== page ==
Being really Catholic
opens one’s point of view to a great richness of the entire Church, East and West; being Catholic as John Paul II reminded us, is to breath with both lungs to invigorate the whole body. Most often Latin Catholics are too skeptical, too closed-minded to look beyond their parochial understanding of God and Church.

Each Sunday Jesuit Father Steve Bonian, a
Maronite Catholic American priest reflects on the liturgical theology of his
church. If you done a little reading in the liturgical history of the Church you will recall with joy that the Maronites have an incredibly rich liturgical tradition that ought to be appreciated more. For one thing the Maronite Liturgy is wonderfully Semitic in its pattern of prayer.

The Maronite Church, the majority of Catholics from Lebanon, celebrated
yesterday the Sunday of the Consecration of the Church. The Roman Church does
not have an equivalent liturgical observance, unless you make a connection with
the Christ the King Sunday, the final Sunday of the Roman Church’s year.  
The Maronite liturgical theology for the Sunday of the Consecration of the Church you note that “the Bride-Church re-consecrates herself and her children, the faithful, to Christ.”

Father Bonian writes,


letter to the Hebrews reminds us that the Temple in Jerusalem and it’s rituals
was only a temporal preparation for the “new order” that would be established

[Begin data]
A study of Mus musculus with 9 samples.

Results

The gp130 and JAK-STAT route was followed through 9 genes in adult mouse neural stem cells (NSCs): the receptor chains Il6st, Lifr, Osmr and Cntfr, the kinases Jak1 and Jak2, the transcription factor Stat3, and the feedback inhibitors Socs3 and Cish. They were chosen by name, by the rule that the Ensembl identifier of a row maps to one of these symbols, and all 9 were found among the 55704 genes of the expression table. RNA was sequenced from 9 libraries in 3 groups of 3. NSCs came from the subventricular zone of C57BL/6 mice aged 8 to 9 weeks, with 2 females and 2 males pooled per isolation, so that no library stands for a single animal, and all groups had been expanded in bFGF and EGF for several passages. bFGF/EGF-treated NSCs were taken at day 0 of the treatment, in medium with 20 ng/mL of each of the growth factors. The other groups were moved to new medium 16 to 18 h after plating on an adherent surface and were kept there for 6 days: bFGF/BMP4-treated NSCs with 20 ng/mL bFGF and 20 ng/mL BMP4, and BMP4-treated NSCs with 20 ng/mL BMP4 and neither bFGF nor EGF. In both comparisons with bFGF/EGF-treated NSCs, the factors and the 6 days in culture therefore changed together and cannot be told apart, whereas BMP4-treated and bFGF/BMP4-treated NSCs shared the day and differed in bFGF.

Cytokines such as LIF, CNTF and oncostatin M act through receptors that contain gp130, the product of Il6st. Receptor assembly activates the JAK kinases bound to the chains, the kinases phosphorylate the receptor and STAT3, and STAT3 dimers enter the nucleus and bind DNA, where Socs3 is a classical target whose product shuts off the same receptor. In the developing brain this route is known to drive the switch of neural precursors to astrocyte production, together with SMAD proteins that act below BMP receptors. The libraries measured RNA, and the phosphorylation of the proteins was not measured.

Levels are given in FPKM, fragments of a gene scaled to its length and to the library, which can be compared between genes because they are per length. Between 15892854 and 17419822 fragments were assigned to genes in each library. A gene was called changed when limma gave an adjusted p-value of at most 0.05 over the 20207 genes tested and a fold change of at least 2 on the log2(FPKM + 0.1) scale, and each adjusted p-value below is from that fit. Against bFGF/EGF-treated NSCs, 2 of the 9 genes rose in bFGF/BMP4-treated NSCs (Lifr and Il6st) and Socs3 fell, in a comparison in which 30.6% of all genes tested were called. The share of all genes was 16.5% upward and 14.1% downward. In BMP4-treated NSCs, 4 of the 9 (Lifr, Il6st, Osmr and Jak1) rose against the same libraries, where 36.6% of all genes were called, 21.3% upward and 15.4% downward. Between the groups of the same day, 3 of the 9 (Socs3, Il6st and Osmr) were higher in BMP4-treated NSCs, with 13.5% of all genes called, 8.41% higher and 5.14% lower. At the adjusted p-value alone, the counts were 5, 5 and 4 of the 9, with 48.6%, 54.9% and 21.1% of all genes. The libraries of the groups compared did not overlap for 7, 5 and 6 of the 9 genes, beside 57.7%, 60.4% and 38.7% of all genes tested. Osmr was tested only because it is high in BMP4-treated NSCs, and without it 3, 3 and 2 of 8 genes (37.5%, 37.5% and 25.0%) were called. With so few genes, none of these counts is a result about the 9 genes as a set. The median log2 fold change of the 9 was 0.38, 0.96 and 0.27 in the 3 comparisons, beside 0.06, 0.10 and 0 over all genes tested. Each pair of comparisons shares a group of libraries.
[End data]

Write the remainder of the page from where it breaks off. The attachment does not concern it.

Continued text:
between Christ and his Church and her children.

From now on the Children of God
would worship him in Spirit and Truth on earth as in the Heavenly Jerusalem.
For it is not God’s will to dwell among stones, but in the caring hearts of his
faithful people, and among them to establish his Kingdom. Our Church Community
is this New Temple!


In the Hoosoyo [one of the opening prayers of forgiveness in the Liturgy] we hear the Voice of Christ as it echoes deep within his Church in confirmation of his promise of unwavering love for her: “behold I am with you to the end of time!” The Church’s self-consecration to Christ is therefore a result of his self consecration to her: “It was He who loved us first” (1John 4:19). Our Sunday’s Communion itself – the bread of fire and the cup of the Spirit – becomes the expression of this mutual commitment and self consecration between Christ and his Church, and his peace with her children.

In his teachings, Saint Paul guides his married faithful to consecrate themselves to each other as Christ has done for the Church (Ephesians 5: 22-32). Like the Church who consecrates herself to Christ, this is now the appropriate time for married couples – along with their loved ones – to re-consecrate themselves and their families to each other, and to Christ. 

In our families that have experienced breakdowns this is the right season to forgive and ask for forgiveness from each other. This is also the right time to remember the saints and our faithful departed who have entered into eternal Communion with God, and await us to join them in glory.